And on That Farm
A couple is turning a New Milford spot into a CSA based organic garden
It's not often that a quixotic dreams over drinks turn real. But for John “Bill” Miskimen and wife Amy Cunningham they did. “One too many days in Venice and one too many bottles of Chianti, and our lives were changed forever,” says Miskimen, a carpenter with a green thumb and gusto for green living.
Miskimen, 53, and Cunningham, a 49-year-old fourth-grade teacher in Bedford, New York, were lingering last year in an Italian café when they were overcome with conviction to start their own organic vegetable, fruit, and flower farm in the Connecticut countryside. “We looked for potential farm properties within an hour of Westchester, and we hit on this dreamland in New Milford,” Miskimen says. “We said, ‘That’s it. That’s our paradise.’”
It was a late winter afternoon, and Miskimen was walking the 16.4-acre property he bought in June for $203,000, pointing out where the vegetable crops, flowerbeds, and orchards will go, along with a 40-foot-by-80-foot barn and a 60-foot-by-43-foot geothermal greenhouse that will keep plants growing through winter months. He’s also building his dream dwelling: a tastefully designed 3,300-square-foot main house and 1,200-square-foot guesthouse that incorporate “all the elements of solar, geothermal, sustainable technology imaginable,” Miskimen says. “It’s going to be an 1880s-looking homestead with 2020 technology.”
Since the property is across the street from The Silo, a cooking school, art gallery, and farmland preserve in the Northville section of New Milford, many passersby have stopped to ogle the progress, assuming that it’s part of The Silo operations. “Everyone thinks that,” says Miskimen, who now lives in Greenwich. “Everyone’s curious.”
Agriculture was not just a random seed planted in the couple’s mind. “Since I was a little kid, I always did the gardening for my mom,” Miskimen says, who grew up in the Midwest. “I don’t know what it is, but everything I put in the ground comes up and flourishes.” Miskimen has taken numerous courses over the years in organic gardening, and Cunningham gained her vast knowledge at her family’s farm in Galway, Ireland, where she spent every summer as a child. “We go back there every chance we get,” says Cunningham. “Everything is organic, everything is raised or grown on the farm. The only thing we ever buy is sugar or tea.” The Cunningham family farm, called Finnegan’s Farm, inspired the name for their New Milford venture: Finnegan’s Farm West.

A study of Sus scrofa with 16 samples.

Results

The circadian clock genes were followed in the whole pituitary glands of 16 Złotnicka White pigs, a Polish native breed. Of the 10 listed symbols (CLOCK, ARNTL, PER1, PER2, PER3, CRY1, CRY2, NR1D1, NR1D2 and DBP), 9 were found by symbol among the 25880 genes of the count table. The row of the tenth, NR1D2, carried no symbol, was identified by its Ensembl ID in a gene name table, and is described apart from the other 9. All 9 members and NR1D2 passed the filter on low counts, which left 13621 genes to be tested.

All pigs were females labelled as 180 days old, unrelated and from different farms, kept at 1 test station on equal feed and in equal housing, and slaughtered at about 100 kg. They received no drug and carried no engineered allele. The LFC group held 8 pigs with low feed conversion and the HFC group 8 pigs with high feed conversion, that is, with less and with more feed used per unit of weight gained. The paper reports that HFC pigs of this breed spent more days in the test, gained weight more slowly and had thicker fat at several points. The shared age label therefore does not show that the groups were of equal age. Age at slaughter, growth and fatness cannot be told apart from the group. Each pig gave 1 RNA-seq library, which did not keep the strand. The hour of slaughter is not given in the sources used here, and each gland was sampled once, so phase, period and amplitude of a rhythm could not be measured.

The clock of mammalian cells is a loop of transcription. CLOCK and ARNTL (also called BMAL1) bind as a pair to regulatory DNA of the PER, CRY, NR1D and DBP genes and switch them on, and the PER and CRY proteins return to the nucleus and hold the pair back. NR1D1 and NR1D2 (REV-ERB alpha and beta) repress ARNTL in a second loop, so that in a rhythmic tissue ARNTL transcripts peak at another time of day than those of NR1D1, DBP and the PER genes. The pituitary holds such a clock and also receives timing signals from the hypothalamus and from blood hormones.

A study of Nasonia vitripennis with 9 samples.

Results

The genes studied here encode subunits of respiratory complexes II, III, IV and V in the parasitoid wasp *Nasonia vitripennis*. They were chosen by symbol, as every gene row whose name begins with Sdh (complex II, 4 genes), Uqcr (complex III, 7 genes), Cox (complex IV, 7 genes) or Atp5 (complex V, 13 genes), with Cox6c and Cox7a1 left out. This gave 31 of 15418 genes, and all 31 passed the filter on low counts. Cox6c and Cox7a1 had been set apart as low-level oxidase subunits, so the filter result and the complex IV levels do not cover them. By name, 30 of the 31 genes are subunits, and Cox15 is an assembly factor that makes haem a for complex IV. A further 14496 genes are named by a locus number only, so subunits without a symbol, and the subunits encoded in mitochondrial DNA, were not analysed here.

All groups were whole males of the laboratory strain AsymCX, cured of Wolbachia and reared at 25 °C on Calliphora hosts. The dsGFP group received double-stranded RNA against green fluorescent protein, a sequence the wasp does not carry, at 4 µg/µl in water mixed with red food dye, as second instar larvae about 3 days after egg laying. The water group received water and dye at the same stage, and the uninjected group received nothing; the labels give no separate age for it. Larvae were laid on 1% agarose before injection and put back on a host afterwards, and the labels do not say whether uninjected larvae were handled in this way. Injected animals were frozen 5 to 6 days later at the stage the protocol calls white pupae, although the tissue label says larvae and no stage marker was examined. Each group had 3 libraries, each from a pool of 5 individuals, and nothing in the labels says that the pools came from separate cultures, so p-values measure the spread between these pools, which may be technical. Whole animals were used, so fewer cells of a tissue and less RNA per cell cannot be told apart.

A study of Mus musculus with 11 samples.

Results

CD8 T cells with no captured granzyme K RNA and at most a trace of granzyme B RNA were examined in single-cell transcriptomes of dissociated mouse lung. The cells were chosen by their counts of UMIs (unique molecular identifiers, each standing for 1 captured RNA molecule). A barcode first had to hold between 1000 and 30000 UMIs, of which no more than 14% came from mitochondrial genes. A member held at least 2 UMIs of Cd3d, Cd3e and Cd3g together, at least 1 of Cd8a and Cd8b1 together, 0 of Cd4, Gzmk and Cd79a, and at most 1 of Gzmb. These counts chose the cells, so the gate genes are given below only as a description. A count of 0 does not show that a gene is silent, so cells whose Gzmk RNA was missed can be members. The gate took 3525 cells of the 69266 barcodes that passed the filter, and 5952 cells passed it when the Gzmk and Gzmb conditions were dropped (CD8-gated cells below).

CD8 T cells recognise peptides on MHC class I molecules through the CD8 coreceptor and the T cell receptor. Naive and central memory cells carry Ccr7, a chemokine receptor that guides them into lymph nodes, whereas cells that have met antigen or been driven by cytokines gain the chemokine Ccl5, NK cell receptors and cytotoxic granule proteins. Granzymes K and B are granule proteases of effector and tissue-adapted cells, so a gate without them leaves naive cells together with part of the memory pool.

Cunningham, a former event planner for several national sports associations, including the NHL, the USTA, and the Olympics, switched careers to teaching eight years ago so she could have summers off to travel with her husband, the emphasis always being on agriculture—learning more about it and sharing their knowledge with other cultures. “We’ve been to Vietnam, Laos, Cambodia, Thailand, Iceland, Scotland, Africa, South Africa. We’ve donated water wells and helped people learn how to live off the land,” Miskimen says.
Miskimen already has contracts to sell his produce to restaurants and markets across Connecticut, and will sell directly from the farm. “My philosophy and my plan is to provide fresh, organic produce to people, no matter what their economic background, people who can’t afford Whole Foods or Freshfields,” Miskimen says. “We’re not doing this to make a huge profit. We’re doing this because we’re passionate about sustainability.”
He’s already enlisted a bumper crop of young, local gardeners who want to work and learn at the same time. And, down the road, he plans to offer a CSA, with even further discounts for families who tend to their own plots.
The couple plans to sell their home in Greenwich and move to the farm July 1. But the crops are being planted in May, hundreds of varieties of vegetables, fruit, and flowers, all native to this area.
While dairy farms have dwindled over the years in Connecticut—down from about 4,000 in the 1950s to 150 now—the number of produce farms has gone from 82 to 108 over the past five years, with about a dozen others being developed across the state this year, according to Bill Duesing, executive director of the Northeast Organic Farming Association’s Connecticut chapter. “We’ve seen an incredible, steady increase in new organic farms in Connecticut,” Duesing says. “Some of the farmers are in their 20s; some are in their 50s or 60s. The average age is 55.” But the demand is still high, he adds. “There are so many restaurants, colleges, markets, institutions, hospitals that want to eat plow-to-plate.”
Miskimen says he didn’t want to propagate this growing industry for business reasons. “It’s more philosophical,” he says. “This is the right thing to do, and it’s how we want to spend the rest of our days. We want to help people eat fresh, eat organic, eat local. We want to help people become good stewards of the land.”